Vital public services including schools and hospitals “face serious disruptions” as Private Finance Initiative ends
19 March 2021
Since the 1990s successive governments have used the Private Finance Initiative (PFI) to build and run more than 700 public infrastructure assets including roads, schools and hospitals. These contracts between the private sector and public bodies are now coming to an end. In its report published today the Public Accounts Committee warns that government’s lack of preparation for this massive transfer of public assets, combined with insufficient data and skills, could lead to the contracts ending in disruption to vital public services, and added costs.
- Read the report summary
- Read the conclusions and recommendations
- Read the full report: Managing the expiry of PFI contracts [PDF 288 KB]
- Public Accounts Committee
Typically, PFI contracts last 25-30 years. Around 700 such contracts exist, representing public infrastructure assets worth around £60 billion and future costs of around £170 billion. The earliest contracts have expired and some 200 will expire in the next 10 years, accelerating from 2025 onwards.
By minimising expenditure on maintenance in the final years of the contract, PFI investors can pay out higher dividends and walk away with limited threat of recourse. The Infrastructure Projects Authority (IPA) is aware of ‘difficult’ investors who are not sharing important information that authorities need to successfully manage the expiry process. It plans to engage with investors but has not yet set out what this will entail, or how this will help authorities when disputes arise.
The high concentration of PFI ownership among private investors allows the private sector to take a portfolio approach to managing the expiry process, which risks putting the public sector at a disadvantage. A lack of contractual tools to hold non-cooperative investors to account further disadvantages authorities in securing value for money from the expiry process.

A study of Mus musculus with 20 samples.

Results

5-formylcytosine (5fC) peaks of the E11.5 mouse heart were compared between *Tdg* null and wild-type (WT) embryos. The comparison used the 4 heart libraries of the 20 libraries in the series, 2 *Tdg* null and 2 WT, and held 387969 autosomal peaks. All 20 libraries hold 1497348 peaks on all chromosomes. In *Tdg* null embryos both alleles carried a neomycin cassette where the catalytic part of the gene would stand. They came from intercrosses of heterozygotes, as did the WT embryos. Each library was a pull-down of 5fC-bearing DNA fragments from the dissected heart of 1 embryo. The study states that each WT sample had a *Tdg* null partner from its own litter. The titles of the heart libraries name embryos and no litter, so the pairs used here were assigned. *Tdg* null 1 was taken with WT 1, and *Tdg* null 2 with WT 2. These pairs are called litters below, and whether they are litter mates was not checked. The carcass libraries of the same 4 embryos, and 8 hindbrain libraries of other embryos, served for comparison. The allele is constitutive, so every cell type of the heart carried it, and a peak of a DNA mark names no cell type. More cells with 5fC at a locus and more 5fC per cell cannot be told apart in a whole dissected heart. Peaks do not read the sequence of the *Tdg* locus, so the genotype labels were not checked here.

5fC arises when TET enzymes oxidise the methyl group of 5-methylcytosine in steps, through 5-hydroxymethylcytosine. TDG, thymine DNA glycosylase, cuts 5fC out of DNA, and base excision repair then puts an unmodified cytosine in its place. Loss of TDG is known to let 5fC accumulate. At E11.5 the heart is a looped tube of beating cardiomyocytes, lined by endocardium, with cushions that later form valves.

Any mismanagement of the expiry process could result in large sums of taxpayer’s money being wasted. A lack of attention from the public authorities running these contracts could also leave the public sector footing large bills for rectification work which the PFI company has already been paid to do. The Committee says “What is certain is that action needs to be taken now to avoid this becoming a huge payday for consultants.”
Meg Hillier MP, Chair of the Public Accounts Committee said:
"We are about to see a wave of PFI contracts come to an end. These require careful and advance challenge to ensure that the asset is handed to its public sector owner in good order. These include schools and hospitals.
The taxpayer could end up with a huge bill if PFI companies are not challenged and held to account.
These PFI contracts cover £60 billion of public infrastructure assets, carrying £170 billion of associated costs. Crunch time is approaching and taxpayers need to be alert to the risk. Public bodies and the Treasury need to be on top of this issue now."